Thoughts and Words: the Chicken or the Egg?

Oct 01, 2013 | Posted by Andrew Pudewa

by Andrew Pudewa

One of the few criticisms of IEW’s checklist-based approach to teaching style runs something like this: “Students’ writing can sound ‘forced’ or ‘awkward’ when they are ‘required’ to ‘add’ an adjective or adverb that just doesn’t belong, and in fact, their writing ‘would sound better’ without it.” Modern journalists and editors have taught us that good writing is clear, succinct, and concise, suggesting that any word not actually necessary makes the writing worse. (Of course by these modern standards, neither a Dickens nor a Brontë would be published today!) Therefore, it is reasonable that modern teachers and parents might question our methodology, and I would be the first to admit that sometimes students produce awkward writing when wrestling with words. But is that necessarily a bad thing?

What these critics miss is our real purpose. While they are looking at the product, viewing product as the method to create ability, we are thinking about the process, realizing that it is this very process that builds a foundation upon which a greater product will be possible in the end. I want kids to wrestle with words, and I realize that a bit of awkward usage will be a side effect, much the way a few out of tune notes and unsteady rhythms are side effects of learning to play the violin. Paradoxically, we want to encourage experimentation but cringe if the verbal experiment goes awry. We want children to develop a broad vocabulary but only if they use words in a perfectly appropriate way. This is an unreasonable expectation. If what we want is for children to fall in love with words, we must let them play with language!

When we provide children with word lists, synonym lists, and checklists to compel the use of these tools, we are essentially giving young writers the LEGO® bricks of language along with little diagrams to suggest methods of assembly. However, we shouldn’t be surprised if the child produces something different than what we expect, for in doing so, he has embraced the words and exercised a bit of originality. Awkwardness is not the enemy; it’s a symptom of budding creativity. Usually, this helps the student get excited about words and about writing. In essence we teachers and parents are building their linguistic limestone, nurturing in them the raw stuff from which a better writer can be carved in the future. But we are actually doing even more than that—we are building tools for thought.

A child writes a book report: "This is a very interesting book, because the characters are very interesting, and the author describes them in a very interesting way. The plot is also fascinating, with many interesting twists and turns. Since this is such an interesting book, everyone who reads it will enjoy it. The End." We may groan, but we don’t see the real problem. Saying something like “You shouldn’t use the word ‘interesting’ so many times” will have no effect. The reason he is limited in his analysis is because he is limited in his vocabulary. Give him more words, and he can think more thoughts! Give him a critique vocabulary with words like “epic, saga, mystery, tragedy, novel, hero, villain, foil, convincing, consistent, lively, overly evil,” etc., and you will now give him tools with which he can categorize and compare the characters, setting, plots, and messages. Word lists aren’t merely a convenience; they provide building blocks for better thinking! And they aren’t just temporary brain expanders—their effect is lasting, for when a word hops off the list and into the brain and out the fingers and onto the student’s paper, he’s actually moving that word from his passive to his active vocabulary.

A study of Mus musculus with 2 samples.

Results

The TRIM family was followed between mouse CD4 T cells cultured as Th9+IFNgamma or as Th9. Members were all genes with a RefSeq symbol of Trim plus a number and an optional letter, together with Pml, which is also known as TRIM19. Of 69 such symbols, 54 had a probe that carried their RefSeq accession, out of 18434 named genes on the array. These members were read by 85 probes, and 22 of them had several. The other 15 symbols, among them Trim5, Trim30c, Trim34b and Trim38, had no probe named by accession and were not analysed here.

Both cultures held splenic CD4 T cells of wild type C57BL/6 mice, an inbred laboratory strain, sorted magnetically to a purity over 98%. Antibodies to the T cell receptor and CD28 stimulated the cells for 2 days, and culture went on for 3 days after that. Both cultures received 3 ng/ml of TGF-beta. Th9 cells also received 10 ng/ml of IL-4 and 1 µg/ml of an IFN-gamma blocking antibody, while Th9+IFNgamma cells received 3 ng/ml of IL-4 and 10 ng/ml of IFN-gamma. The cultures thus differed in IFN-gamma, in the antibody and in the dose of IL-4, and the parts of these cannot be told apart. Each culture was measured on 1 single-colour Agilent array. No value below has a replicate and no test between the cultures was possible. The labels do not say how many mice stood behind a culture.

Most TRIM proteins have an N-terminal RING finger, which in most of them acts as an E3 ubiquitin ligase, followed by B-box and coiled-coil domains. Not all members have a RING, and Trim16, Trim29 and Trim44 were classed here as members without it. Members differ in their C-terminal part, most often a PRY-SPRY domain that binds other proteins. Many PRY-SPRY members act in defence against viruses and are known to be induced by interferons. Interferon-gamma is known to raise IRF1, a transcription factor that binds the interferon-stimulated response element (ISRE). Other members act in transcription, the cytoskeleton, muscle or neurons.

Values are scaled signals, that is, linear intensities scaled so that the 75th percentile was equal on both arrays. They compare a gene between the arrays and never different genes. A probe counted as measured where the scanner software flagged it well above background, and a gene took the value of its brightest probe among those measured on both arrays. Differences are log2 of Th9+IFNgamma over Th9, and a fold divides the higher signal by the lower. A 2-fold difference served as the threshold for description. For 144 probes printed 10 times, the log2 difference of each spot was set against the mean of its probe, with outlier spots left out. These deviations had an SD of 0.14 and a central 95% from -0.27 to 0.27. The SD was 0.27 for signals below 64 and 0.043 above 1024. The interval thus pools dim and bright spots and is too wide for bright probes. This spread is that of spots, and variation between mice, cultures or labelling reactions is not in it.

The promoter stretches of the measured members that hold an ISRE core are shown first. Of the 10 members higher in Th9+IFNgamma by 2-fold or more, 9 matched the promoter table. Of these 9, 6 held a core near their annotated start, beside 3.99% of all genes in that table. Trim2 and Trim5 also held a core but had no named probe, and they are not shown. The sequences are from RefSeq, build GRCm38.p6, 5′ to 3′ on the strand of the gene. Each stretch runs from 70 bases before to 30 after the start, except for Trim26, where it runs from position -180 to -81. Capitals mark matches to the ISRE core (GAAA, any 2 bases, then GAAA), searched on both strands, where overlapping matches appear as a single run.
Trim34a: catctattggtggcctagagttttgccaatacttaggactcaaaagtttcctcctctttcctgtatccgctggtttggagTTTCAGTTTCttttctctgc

It is the task of the writer to find the perfect words with which to express the thought, but it is the task of the teacher to provide the student with the words that make the very thought possible. You see, it really is not possible to think—or at least to crystallize and communicate—a thought without the words to think it in! And not so surprisingly, one can draw a direct correlation between the sophistication of a civilization and the grammar and vocabulary of its language. Having more words makes more complex thinking possible!

So if you are teaching children, remember that every day your primary goal is to provide them with eggs of vocabulary, from which the chickens of inventive thinking are certain to hatch. And don’t be afraid of the occasional creative word experiment (which may sound awkward to you but is an essential part of learning to play with and love language) because in learning a skill like writing, process trumps product.